It’s been a dangerous and deadly few days in school transportation as five children have been killed and other children and adults injured in accidents near school bus stops. Those incidents will inevitably lead to legal action that may take years to resolve.
Meanwhile, a federal appeals court this week revived a civil lawsuit filed against a Tennessee school district stemming from a 2016 school bus crash that killed six elementary school students and injured numerous others.
A three-judge panel of the U.S. Court of Appeals for the 6th Circuit, in Cincinnati, unanimously held that the Hamilton County school system may be liable on a theory that the school principal violated students’ right to be free from bodily harm by requiring the students to ride the bus each day with a driver who had been the subject of multiple dangerous driving complaints.
The decision comes in a case involving a Nov. 21, 2016, crash that killed six students at Woodmore Elementary School in Chattanooga, Tenn. The bus driver, Johnthony Walker, was found guilty of 11 counts of reckless aggravated assault, six counts of criminally negligent homicide, and various lesser charges. He was sentenced this past April to four years in prison. Prosecutors said that Walker, an employee of a private school bus contractor, was speeding and on his cellphone when he lost control of his bus, swerved, and crashed into a walnut tree.
In the separate civil suit, the 6th Circuit panel reversed a federal district court’s dismissal of the suit and held that the victims may pursue a claim based on a 1978 U.S. Supreme Court decision, Monell v. Department of Social Services. Under that ruling, a school district or other municipal body may be held liable for the acts of one of its employees if there was an official policy that led to the dangerous situation or if there were a clear and consistent pattern of unconstitutional acts by the employee.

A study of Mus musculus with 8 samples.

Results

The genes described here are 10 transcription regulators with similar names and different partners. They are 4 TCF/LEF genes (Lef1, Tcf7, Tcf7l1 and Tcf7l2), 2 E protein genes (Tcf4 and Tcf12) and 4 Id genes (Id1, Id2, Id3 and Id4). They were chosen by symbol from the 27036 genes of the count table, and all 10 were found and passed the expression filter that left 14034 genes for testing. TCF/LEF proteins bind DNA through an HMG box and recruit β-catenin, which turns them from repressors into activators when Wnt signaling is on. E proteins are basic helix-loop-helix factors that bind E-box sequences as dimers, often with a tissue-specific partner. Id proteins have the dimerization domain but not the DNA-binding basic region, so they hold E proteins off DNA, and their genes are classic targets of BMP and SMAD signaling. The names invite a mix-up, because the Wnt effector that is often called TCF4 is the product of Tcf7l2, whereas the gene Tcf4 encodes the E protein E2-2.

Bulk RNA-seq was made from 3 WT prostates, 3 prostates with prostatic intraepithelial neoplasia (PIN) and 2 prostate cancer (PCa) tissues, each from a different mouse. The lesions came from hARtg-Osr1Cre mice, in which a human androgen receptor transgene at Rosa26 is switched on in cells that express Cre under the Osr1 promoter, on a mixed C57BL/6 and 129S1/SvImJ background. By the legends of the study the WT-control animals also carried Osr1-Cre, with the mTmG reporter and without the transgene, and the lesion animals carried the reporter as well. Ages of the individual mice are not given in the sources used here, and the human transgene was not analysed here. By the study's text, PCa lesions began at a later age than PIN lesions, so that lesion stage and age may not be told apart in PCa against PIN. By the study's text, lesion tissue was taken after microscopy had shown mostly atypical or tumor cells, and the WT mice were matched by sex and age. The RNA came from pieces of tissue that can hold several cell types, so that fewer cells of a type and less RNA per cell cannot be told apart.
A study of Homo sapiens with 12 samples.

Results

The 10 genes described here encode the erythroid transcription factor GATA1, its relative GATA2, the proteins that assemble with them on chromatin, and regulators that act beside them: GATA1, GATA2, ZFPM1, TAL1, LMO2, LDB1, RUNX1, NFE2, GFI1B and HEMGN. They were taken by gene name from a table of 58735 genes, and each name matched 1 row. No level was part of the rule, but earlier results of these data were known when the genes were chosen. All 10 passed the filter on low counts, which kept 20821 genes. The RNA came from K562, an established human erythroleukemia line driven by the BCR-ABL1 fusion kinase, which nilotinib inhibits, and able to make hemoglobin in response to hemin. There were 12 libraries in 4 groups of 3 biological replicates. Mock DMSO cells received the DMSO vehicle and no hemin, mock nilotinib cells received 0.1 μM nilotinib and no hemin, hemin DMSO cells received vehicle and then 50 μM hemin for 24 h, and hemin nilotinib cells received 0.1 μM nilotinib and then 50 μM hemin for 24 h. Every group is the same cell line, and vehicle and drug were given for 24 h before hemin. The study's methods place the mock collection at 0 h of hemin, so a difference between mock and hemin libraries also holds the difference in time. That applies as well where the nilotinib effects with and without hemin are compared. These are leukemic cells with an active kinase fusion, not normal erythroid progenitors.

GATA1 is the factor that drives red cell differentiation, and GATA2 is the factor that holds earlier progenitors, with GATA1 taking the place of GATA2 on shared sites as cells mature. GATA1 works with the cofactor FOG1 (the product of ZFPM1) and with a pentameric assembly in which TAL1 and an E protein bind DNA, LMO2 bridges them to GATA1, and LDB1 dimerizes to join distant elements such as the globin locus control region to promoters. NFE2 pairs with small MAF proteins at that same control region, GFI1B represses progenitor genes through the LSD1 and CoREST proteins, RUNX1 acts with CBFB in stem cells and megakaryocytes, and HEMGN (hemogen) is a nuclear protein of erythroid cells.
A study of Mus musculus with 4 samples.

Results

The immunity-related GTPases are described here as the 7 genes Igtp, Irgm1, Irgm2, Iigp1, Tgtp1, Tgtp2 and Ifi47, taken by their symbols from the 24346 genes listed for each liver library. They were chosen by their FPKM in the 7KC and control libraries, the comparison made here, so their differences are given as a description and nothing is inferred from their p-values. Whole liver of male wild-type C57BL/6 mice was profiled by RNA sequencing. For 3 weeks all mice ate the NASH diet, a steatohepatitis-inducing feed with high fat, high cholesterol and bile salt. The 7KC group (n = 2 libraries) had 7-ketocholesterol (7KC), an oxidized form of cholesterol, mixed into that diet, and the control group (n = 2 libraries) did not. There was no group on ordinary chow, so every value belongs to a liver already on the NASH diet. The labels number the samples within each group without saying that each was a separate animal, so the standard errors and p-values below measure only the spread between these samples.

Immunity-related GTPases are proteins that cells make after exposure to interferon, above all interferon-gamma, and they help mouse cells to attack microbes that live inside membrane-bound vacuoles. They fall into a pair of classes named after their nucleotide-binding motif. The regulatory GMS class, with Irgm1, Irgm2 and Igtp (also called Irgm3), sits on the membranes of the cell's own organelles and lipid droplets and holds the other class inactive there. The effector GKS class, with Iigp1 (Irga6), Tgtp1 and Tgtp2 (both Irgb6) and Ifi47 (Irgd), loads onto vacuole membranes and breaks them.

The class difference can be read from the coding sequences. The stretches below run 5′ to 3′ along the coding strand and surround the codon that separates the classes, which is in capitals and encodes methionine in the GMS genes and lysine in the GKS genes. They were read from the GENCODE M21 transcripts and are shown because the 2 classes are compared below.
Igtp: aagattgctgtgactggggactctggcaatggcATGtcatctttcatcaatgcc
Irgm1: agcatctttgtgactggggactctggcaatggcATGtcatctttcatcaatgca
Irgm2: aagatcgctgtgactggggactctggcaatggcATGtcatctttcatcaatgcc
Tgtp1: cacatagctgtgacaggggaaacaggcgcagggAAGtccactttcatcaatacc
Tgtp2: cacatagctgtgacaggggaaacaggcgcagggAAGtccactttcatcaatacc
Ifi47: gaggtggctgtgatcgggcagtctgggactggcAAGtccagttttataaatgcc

“Plaintiffs have alleged that (1) the principal committed affirmative acts by instructing the schoolchildren to board Walker’s bus; (2) this direction endangered the students because of Walker’s dangerous driving; (3) this danger was specific to those students; and (4) the principal was sufficiently culpable because she knew that Walker’s driving was dangerous,” said the 6th Circuit’s Nov. 1 opinion in M.S. v. Hamilton County Department of Education.
The school district argued that the principal’s actions in requiring students to board the bus even amid complaints about the driver’s safety did not “shock the conscience,” as would be required to find the principal liable.
The appeals court rejected the argument. Even though the lawsuit detailed only two examples of complaints about Walker’s dangerous driving, the actual number is unknown at this point, it said.
“Because it is conceivable that the principal received complaints such that it would be conscience-shocking for her to have instructed the schoolchildren to board Walker’s bus after their receipt, it would be inappropriate to grant a motion to dismiss on this ground,” the opinion said.
The court said the plaintiffs will have to “show that there was a clear and persistent pattern of that unconstitutional activity, that the district knew about that pattern, [and] that the district deliberately ignored that pattern.”
Separately, the 6th Circuit panel upheld a dismissal of federal civil-rights claims against the bus contractor, Durham School Services L.P., but it said its ruling did not affect whether the plaintiffs might have claims against the company under Tennessee law.
A version of this news article first appeared in The School Law Blog.